Companies get lost on occasion. Where once their corporate direction was clear something happens to change all that and they head off in a different direction. Sometimes this is a good thing (as when they reinvent themselves for the better). Other times it’s not.
One example of reinvention that worked might be Marantz. Back in the early 1950s when Saul Marantz built products out of his home on 81st Avenue at the corner of Austin Street in Kew Gardens, would-be customers purchased the preamps he built out of his basement “factory”. He built and sold more than 400 of those products out of his home before opening a real production facility. Then, in 1964, he sold the company to a Japanese firm, Interscope, and everything changed. Marantz was reinvented yet not in a bad way.
The brand’s ethos still represented the upper echelon of performance, but instead of hand-built audiophile grade products, the new company would make high-volume consumer audio instead. Not high-end nor audiophile approved, but certainly one of the best choices among mass market products when performance matters.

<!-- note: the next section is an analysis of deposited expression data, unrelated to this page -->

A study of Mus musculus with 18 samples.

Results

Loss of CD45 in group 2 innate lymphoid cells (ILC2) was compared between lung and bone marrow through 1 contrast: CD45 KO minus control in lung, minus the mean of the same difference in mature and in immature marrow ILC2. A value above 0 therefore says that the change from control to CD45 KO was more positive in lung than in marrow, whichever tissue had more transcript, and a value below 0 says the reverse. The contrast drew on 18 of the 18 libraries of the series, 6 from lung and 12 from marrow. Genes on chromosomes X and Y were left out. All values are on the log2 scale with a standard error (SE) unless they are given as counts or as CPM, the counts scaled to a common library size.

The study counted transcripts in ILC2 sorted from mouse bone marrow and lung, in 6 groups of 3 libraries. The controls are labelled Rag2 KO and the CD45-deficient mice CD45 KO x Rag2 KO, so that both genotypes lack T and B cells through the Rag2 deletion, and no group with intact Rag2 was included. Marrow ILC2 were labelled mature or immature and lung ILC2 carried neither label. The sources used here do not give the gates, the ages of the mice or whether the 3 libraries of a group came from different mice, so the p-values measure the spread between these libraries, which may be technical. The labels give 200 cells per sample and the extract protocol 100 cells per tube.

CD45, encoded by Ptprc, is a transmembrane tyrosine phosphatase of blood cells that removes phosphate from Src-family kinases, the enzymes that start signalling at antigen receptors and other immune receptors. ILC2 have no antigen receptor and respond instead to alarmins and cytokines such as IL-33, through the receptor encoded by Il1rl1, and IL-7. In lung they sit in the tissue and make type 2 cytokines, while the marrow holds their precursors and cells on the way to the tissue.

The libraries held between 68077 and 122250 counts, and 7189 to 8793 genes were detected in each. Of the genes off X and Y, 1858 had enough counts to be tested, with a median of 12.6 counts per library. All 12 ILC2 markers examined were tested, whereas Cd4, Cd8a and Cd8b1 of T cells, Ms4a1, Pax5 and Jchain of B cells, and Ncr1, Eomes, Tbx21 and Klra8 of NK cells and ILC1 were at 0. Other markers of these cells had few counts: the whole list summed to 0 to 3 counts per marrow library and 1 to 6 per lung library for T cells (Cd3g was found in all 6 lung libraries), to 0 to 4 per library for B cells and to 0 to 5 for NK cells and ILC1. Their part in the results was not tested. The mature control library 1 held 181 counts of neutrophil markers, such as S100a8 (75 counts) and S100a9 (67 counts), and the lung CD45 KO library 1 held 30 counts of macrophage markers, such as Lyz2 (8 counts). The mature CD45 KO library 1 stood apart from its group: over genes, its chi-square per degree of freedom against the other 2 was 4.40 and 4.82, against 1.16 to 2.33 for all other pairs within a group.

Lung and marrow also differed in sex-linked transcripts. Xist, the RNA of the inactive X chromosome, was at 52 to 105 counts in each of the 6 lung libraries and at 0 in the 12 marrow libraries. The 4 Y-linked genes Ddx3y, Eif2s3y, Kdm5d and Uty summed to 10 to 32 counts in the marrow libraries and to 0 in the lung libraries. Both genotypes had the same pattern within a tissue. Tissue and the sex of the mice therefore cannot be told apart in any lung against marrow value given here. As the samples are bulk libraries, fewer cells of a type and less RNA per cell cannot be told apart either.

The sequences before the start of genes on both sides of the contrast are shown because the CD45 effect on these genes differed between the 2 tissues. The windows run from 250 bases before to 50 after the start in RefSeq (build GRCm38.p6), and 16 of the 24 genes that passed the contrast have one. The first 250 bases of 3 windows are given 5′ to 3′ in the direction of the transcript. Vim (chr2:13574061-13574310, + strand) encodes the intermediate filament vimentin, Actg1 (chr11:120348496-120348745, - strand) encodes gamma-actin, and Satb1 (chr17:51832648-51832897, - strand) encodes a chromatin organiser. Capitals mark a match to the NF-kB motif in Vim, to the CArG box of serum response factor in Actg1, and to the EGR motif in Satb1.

Then there’s the flip side of changing course. Losing one’s way.
The high-end market Whole Foods is a great example. Once the darling of those who were tired of scrounging for high-quality organic foods in the mass market supermarket shelves, sadly this well-known giant has gotten lost. Instead of purchasing A quality organic produce—the very products loyal customers were willing to pay a premium for—the 500 store chain has inched downwards with B goods in the hopes of lowering prices and attracting more customers. This move comes on the heels of their acquisition by Amazon who perhaps doesn’t understand the store’s original ethos.
Or, perhaps they do. Outward appearances haven’t changed—same look, same merchandizing, same lip service to natural and organic—but the magic’s gone, the quality’s slipped, and the new faces don’t seem to notice.
Change is inevitable and more often than not good.
It’s just sad to see institutions once with soul and purpose lose their way.